ST. PAUL (AP) — After three days of emotionally charged hearings on Minnesota’s gun laws, Democratic leaders are planning their next steps on possible gun control measures.
Hundreds of people packed the Capitol this week, spilling into several overflow rooms, for almost 15 hours of hearings on about a dozen different bills. Lawmakers heard testimony on proposals that would tighten background checks, toughen penalties for felons caught with guns and ban assault weapons and high-capacity ammunition magazines.
Senate Judiciary Committee chairman Ron Latz, DFL-St. Louis Park, said he expects to take up some or all of those bills on Feb. 21 and 22.
The challenge will be winning support from rural Democrats, who are generally more conservative on gun issues. That faction has a likely ally in Senate Majority Leader Tom Bakk, DFL-Cook, who until recently received top marks from the National Rifle Association for his positions on gun legislation.
As in many rural Minnesota families, guns in Bakk’s family have been passed down for generations. He said at a news conference Friday that he owns “a lot of semi-automatics,” but wasn’t sure if they would be made illegal under a House bill to ban assault rifles.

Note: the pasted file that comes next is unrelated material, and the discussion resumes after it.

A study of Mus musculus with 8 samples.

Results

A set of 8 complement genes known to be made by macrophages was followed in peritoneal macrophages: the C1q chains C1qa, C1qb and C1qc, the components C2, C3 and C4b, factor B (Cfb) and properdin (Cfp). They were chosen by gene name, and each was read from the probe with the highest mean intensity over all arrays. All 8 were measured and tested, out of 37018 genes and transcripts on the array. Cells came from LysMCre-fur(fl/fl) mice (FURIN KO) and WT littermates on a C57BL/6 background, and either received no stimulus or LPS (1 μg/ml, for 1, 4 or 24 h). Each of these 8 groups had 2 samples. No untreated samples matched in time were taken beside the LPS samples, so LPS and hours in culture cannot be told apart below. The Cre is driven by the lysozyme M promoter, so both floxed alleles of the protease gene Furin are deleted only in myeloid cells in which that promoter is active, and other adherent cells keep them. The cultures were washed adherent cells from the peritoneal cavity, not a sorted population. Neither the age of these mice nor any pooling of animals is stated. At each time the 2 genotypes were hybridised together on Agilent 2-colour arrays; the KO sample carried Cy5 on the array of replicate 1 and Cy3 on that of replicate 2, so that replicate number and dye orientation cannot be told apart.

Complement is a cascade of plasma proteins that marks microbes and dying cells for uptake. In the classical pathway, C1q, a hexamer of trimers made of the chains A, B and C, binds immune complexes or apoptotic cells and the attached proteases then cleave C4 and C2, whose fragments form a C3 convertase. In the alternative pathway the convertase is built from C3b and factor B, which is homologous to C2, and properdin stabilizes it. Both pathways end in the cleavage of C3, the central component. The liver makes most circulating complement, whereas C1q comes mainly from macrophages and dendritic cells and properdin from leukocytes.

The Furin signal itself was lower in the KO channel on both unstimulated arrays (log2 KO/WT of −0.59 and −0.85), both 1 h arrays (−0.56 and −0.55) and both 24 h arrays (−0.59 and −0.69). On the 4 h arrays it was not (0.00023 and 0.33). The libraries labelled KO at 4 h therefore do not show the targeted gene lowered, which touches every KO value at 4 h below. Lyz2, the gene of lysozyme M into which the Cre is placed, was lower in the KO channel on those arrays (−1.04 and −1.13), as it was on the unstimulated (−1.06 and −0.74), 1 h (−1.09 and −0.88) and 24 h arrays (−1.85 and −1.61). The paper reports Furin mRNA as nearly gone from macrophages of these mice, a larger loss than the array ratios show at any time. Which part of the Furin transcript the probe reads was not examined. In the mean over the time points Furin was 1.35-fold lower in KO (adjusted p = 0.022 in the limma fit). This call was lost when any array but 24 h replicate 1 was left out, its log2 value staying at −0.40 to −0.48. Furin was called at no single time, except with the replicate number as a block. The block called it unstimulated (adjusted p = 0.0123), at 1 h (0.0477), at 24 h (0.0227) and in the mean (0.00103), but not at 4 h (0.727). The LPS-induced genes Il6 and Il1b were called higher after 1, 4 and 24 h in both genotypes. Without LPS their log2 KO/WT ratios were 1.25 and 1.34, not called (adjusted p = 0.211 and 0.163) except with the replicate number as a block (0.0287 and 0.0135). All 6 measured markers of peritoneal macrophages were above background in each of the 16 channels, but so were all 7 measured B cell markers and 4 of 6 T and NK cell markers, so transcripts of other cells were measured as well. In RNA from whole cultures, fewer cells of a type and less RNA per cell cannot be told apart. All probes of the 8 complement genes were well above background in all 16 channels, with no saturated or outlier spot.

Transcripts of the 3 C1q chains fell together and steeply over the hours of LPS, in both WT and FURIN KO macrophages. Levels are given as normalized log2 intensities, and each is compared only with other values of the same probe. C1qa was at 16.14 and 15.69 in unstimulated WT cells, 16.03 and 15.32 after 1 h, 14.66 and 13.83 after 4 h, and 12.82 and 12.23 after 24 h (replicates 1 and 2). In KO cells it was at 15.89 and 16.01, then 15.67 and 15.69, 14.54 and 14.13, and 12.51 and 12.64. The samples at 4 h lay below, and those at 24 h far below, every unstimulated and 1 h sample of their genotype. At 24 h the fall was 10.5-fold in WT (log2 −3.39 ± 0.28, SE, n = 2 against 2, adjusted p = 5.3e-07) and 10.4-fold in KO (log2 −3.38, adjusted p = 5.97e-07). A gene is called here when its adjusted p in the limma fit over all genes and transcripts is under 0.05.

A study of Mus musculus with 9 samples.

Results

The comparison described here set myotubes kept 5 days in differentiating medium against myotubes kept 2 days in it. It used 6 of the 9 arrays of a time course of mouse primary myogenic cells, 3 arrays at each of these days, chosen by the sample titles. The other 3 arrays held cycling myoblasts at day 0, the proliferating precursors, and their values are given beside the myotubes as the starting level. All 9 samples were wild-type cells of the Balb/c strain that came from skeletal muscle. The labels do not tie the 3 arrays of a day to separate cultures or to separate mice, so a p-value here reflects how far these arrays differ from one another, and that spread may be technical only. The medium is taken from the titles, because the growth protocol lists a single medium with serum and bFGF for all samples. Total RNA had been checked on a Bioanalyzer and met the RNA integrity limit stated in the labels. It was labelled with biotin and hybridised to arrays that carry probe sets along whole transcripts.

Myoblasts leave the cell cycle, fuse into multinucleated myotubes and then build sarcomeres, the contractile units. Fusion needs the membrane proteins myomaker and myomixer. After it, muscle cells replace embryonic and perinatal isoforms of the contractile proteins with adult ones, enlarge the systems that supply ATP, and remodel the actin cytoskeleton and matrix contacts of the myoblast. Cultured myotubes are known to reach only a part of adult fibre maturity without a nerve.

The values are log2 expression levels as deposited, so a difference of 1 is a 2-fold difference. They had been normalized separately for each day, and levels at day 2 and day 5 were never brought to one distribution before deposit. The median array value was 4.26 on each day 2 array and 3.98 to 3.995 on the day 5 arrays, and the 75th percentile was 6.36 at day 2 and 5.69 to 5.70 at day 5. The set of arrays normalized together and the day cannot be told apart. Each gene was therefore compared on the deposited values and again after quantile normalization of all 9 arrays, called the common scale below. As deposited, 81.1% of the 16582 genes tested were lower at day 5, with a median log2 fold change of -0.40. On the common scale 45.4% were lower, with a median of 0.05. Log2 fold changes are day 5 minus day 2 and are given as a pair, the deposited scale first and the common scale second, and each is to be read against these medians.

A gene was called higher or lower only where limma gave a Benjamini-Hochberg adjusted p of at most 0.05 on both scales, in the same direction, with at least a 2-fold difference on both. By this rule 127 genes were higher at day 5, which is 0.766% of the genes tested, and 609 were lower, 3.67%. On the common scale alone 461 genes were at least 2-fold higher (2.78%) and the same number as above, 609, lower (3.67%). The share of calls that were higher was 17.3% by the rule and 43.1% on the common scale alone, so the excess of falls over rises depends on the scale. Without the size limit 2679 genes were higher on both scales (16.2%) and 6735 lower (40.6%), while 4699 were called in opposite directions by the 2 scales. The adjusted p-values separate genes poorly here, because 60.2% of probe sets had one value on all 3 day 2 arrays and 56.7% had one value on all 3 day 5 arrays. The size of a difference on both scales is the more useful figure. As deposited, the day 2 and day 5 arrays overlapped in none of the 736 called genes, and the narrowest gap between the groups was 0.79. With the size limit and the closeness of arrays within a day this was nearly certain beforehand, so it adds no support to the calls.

Rep. Michael Paymar, the St. Paul Democrat who chaired the hearings in the House, said he and his committee will pick which bills should go into a gun violence package, which he plans to introduce in early March.
“We have our work cut out for us,” Paymar said. “Not all of the bills that we heard are going to make it into the final bill. That’s pretty clear.”
Paymar said it should be easy to find consensus on some measures, like a bill to root out “straw purchasers,” or people who buy guns for felons, as well as his own bill that would require universal background checks.
Rep. Alice Hausman, DFL-St. Paul, sponsored three of the most divisive bills reviewed during the House’s hearings, including the assault weapons ban. Another of hers would prohibit the manufacture or possession of ammunition magazines with more than 10 rounds.
“People are dying and children are dying,” Hausman said. “I would be shocked and disappointed if we didn’t move forward on how we deal with this in Minnesota.”
House Speaker Paul Thissen said the Democratic caucus as a whole won’t stake a position on the gun bills.
Bakk said he would likely support the bill to eliminate “straw purchasers” and another one that would help prosecutors crack down on people who illegally own guns.
House Minority Leader Kurt Daudt, R-Crown, said he doubts there will be much Republican support for any of the proposals. He and Senate Minority Leader David Hann, R-Eden Prairie, said they’ve received hundreds of emails from constituents who oppose the proposed changes.